West Yorkshire Police chief says officers will use new enforcement powers if people continue to break coronavirus lockdown rules
A West Yorkshire Police chief has said that officers will use new enforcement powers if people break the coronavirus lockdown rules.
As new police powers are introduced, to ensure public compliance with strict stay at home restrictions, West Yorkshire Police Chief Constable John Robins QPM and West Yorkshire Police and Crime Commissioner Mark Burns-Williamson OBE appealed to local communities to continue to support the unprecedented national effort to fight the virus.
Chief Constable John Robins said: “Keeping the public safe, delivering the best service we can to the public and supporting the nationwide response are our top priorities.
“These new measures are there to save lives by preventing the NHS and Social Care from being overwhelmed. I appeal to the public to adhere to the new restrictions, people must stay at home and comply with social distancing when they do need to go out.
“We continue to provide all our policing services across West Yorkshire, based in local neighbourhoods. Our officers and staff continue to work relentlessly around the clock to keep people safe.
“We now also have a responsibility to ensure that the public are abiding by the new restrictions placed upon us all.
"I am pleased to see that the vast majority of people have been heeding the advice, helping to slow the spread and reduce demand on our stretched health services. We will continue to encourage compliance with new stay at home rules, warning and advising if necessary and trying to help people to understand what they should be doing.
“I am sure most people understand the need for restrictions, but where people persist in not complying, we will use the powers at our disposal. Were people repeatedly fail to abide by the restrictions and fail to contribute to slowing the spread of coronavirus, I have asked my officers to be robust in applying these new powers.
“Our communities can be reassured that we are committed to doing everything we can to ensure their safety. We have a brave, courageous and dedicated workforce of police officers, staff, Special Constables and volunteers who are used to dealing with major incidents and who will continue to do everything they can to keep the people of West Yorkshire safe.
“Members of the public are asked to help manage police demand by thinking carefully before they call either 999 or the 101 non-emergency number and to use online reporting and webchat with us where they can.
"This will enable us to get help to those people who need it most. The use of online internet and app based services, to report crimes or get advice, will reduce call volumes and help us manage demand.
Mark Burns-Williamson, West Yorkshire’s Police and Crime Commissioner (PCC), said: “The new measures will involve the police supporting the Government guidance, but essentially it is about the public, that is every single one of us, working together to ensure we are supporting our officers, staff, volunteers and crucially supporting our NHS workers.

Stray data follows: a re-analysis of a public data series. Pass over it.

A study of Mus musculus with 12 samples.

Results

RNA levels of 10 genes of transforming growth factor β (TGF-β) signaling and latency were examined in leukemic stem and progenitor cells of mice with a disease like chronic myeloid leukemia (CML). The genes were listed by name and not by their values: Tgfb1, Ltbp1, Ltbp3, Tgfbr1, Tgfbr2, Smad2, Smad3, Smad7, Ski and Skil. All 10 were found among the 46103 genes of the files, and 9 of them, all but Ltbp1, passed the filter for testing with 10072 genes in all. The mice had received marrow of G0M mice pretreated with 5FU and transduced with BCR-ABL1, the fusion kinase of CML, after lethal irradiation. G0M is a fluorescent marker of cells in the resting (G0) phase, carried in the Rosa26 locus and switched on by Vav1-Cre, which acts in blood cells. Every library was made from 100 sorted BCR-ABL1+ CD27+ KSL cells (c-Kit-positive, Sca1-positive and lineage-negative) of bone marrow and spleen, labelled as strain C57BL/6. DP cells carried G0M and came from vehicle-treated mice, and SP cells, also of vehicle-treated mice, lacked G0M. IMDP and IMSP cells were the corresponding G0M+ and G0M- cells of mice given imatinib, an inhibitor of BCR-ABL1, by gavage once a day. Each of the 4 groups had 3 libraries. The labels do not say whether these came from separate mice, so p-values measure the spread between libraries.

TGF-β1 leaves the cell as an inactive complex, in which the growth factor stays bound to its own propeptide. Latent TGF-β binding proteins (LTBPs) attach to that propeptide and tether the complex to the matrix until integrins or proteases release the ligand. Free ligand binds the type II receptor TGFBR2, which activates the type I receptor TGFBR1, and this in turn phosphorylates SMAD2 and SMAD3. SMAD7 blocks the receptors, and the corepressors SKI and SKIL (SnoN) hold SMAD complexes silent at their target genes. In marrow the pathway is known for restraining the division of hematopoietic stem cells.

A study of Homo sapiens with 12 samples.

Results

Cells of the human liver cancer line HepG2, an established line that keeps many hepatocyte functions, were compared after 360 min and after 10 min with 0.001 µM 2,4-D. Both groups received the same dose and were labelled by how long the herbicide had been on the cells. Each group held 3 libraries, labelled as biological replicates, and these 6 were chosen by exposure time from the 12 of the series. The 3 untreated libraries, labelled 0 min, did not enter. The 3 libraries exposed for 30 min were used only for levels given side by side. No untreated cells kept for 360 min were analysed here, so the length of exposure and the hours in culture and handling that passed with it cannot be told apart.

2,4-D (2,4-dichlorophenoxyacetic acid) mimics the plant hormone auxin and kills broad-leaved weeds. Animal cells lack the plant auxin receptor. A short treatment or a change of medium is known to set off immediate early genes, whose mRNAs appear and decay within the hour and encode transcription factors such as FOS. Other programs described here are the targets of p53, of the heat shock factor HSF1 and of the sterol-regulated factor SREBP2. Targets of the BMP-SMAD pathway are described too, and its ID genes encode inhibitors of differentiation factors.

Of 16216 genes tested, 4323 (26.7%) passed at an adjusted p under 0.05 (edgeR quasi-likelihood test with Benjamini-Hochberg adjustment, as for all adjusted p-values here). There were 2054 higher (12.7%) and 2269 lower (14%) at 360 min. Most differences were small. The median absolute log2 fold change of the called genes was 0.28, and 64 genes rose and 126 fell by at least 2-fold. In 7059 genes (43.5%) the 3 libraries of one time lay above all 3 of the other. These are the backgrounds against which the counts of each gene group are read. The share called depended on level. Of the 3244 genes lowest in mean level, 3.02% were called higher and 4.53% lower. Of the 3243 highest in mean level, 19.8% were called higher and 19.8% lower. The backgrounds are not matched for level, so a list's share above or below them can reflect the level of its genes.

“We police by consent in the UK and can only do that with the public support, this is literally about saving lives and protecting people across the country. As your PCC I urge people to follow the Government and NHS advice, comply with what is being asked and help the health and social care services to manage this national public health emergency as best they can.
“Police officers and PCSOs will be out and about in communities, providing support and reassurance. I will be working with and supporting them and our partners to ensure we are getting the messages out to individuals around staying safe and supporting one another.
“It is important to remember that West Yorkshire Police (WYP), as with every other police force across the country, still have calls to answer and crimes to investigate. Policing goes on and WYP are there for the public and I know that they are grateful for the continued support of the public.
“I am in daily contact with the Chief Constable on how West Yorkshire Police are adapting and responding to these ongoing issues, ensuring the situation is being managed effectively in such challenging and unique circumstances through the West Yorkshire resilience structures which I am also closely linked into.
“We all know this is difficult, but we are in unprecedented times. We are appealing to people to use their common sense and think of others and to please stay at home wherever possible. It will ultimately save lives.
“My priority as PCC is to ensure vulnerable people and victims of crime have the ongoing support of the police and access to the vital services they need through this pandemic situation, many of which are commissioned victims services through my office with key partners.
“We will only get through this together, collectively, by supporting and helping and protecting one another. We all have that duty of care and responsibility as individual citizens.
“I also want to take this opportunity to thank each and every one of you for playing your part, and let’s remember our key workers, our NHS staff, police officers and staff and those individuals and volunteers ensuring we are stay safe by keeping the country’s infrastructure running. We owe them all a massive debt of gratitude now and in the coming weeks and months ahead.”